Band: Der Rote Milan
Label: Unholy Conspiracy Deathwork
Genre: Atmospheric Black Metal
Release Date: February 1st, 2019
Three years after releasing their first full-length album, Der Rote Milan releases their second album, Moritat, an awesome atmospheric black metal record. It’s based on local stories from Hunsrück (a region in southwestern Germany) from a thirty-year war during the 17th century. The protagonist is the historical figure Schinderhannes, considered to be the German Robin Hood. Thematically, the record covers themes like freedom, fear and bravery.
The thing that immediately caught my attention on this album, apart from it’s awesome artwork, was the intro. Or more accurately, the presence of a flute in the intro. Usually when there’s a flute in metal, it sounds a bit awkward to me and it often reminds me of the Emotional Titanic Flute video (if you don’t know it, check it out on Youtube). On this record, however, it doesn’t. Instead, it fits the music very well. So I thought to myself that if this band can open the album with a flute that doesn’t instantly remind me of that video, they’ve got to be very talented in creating atmospheric music. And they definitely are!
Apart from the intro, one of the things that stood out most to me is the huge contrast between the calm, almost beautiful atmospheric sections and the intense black metal passages. This immediately becomes clear after about a minute into Die Habsucht, the record’s opening track. The beautiful intro captivates you in its dreamy atmosphere, when out of nowhere the music explodes into black metal intensity. It was actually so sudden that startled me the first time I listened to it, making it an experience I won’t be forgetting soon. This occurs more often on the record, and not only within a song, but also in between songs, like for instance between the ending of Der letzte Galgen and the beginning of Der Findling.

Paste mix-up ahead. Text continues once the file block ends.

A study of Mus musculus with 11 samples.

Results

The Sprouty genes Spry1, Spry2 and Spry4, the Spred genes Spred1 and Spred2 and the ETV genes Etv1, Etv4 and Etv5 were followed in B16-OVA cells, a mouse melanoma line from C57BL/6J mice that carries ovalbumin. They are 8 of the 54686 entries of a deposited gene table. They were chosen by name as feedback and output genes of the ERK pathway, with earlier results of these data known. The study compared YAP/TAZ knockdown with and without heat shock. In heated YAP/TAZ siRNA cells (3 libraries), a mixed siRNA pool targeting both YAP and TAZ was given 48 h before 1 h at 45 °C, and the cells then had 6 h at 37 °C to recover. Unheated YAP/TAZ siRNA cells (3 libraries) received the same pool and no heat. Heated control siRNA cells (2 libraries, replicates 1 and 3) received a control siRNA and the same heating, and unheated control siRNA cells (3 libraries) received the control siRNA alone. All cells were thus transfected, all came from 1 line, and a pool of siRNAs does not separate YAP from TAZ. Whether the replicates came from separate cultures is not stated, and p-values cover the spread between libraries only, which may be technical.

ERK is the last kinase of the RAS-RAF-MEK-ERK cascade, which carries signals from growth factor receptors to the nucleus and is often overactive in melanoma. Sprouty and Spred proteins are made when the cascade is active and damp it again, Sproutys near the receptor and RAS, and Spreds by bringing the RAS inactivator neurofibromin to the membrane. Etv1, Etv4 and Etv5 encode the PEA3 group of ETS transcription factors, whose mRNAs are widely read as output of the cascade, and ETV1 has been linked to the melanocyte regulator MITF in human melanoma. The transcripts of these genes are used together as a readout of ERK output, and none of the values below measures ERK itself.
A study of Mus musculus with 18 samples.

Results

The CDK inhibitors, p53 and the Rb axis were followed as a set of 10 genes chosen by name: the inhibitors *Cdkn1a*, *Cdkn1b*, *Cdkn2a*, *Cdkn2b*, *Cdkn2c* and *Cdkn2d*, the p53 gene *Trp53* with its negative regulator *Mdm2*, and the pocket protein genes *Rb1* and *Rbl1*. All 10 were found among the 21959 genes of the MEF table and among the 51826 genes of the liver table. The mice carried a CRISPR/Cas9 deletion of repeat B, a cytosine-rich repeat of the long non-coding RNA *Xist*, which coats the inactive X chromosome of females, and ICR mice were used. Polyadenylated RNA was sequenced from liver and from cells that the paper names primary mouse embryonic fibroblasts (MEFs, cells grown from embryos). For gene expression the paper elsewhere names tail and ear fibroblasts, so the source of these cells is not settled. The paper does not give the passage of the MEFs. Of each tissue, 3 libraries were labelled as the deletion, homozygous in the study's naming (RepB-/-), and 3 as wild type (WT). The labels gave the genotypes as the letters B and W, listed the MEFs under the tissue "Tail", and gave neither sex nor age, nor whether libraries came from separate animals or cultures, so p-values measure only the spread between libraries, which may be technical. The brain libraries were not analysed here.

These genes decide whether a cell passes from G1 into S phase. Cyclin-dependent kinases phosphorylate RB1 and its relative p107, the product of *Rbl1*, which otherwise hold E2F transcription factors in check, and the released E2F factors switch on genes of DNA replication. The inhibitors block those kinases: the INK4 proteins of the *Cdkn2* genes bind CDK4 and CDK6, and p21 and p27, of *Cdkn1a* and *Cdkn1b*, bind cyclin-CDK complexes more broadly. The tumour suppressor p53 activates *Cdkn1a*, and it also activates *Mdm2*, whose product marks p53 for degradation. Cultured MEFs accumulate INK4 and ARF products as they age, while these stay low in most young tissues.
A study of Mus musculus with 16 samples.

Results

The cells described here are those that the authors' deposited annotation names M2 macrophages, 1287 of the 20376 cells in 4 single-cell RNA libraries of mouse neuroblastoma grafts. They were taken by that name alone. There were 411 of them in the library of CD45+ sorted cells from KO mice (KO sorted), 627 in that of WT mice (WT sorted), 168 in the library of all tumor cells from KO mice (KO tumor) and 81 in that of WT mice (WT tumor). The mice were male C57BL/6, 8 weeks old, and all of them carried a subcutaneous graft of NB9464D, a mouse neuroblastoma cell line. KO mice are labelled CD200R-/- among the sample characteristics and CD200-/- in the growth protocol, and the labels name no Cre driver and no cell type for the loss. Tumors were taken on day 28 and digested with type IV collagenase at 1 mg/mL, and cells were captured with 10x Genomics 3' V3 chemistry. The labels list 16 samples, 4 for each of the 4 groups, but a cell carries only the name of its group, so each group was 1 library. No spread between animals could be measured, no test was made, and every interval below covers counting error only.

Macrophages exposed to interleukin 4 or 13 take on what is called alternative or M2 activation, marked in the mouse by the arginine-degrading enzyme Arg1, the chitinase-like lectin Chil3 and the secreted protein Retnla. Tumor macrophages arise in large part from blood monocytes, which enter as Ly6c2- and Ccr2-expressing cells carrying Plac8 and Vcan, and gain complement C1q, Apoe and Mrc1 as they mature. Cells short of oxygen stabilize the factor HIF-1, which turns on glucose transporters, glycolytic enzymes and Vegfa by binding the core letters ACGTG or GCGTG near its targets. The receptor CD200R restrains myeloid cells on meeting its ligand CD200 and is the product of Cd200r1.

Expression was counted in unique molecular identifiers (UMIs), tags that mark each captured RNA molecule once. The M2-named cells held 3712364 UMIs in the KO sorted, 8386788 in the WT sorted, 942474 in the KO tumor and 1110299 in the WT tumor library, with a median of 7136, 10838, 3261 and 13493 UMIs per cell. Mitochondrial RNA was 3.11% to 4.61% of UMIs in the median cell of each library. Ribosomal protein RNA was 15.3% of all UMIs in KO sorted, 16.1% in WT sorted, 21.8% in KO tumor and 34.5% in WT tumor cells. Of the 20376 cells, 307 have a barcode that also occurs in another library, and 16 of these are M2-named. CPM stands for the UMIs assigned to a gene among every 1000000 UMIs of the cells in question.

The vocals contribute a lot to the intensity of the record. Sometimes they’re like classic black metal shrieks and other times they’re deeper growls, more like in blackened death metal. At times, there’s cries of agony and one one song (Der letzte Galgen) there’s even a kind of ritualistic chanting. The intonation of the vocals make it so that even the instrumentally quiet parts can be very intense. The guitars also play a large role in the variety of the music. They alternate between melodic passages in the atmospheric parts, groovy rhythm guitar during some of the louder sections, and shrieking riffs to make the loudest parts even more intense. As you can see, variety is a very present theme on the album, and the drums are no exception. They change from black metal blast beats to slower, more groovy parts and back, really enhancing the experience the record brings about. An example for this is the album’s final and title track, Moritat. It lasts twelve minutes, making it almost twice as long as the second longest song. Mainly the variety in the drums and vocals is what keeps the track interesting.
In short, Moritat is one hell of an album, containing both dreamy, sinister atmospheric passages as well as aggressive, fast-paced black metal. There’s huge contrasts between the two, for the band switches between them without any warning, but this only makes it better. Each instrument has a variety of sounds and playing styles, up to the vocals that make it sound like there’s more than one singer. So whether you’re into atmospheric black metal or you just wanna give it a try, do yourself a favour and give it a spin!
- Die Habsucht
- Drohende Schatten
- Gnosis der Vergänglichkeit
- Der letzte Galgen
- Der Findling
Total Playing Time: 40:55
Rutger is a student from the Netherlands who, apart from his passion for the Spanish language, literature & culture, loves playing black metal and classical music.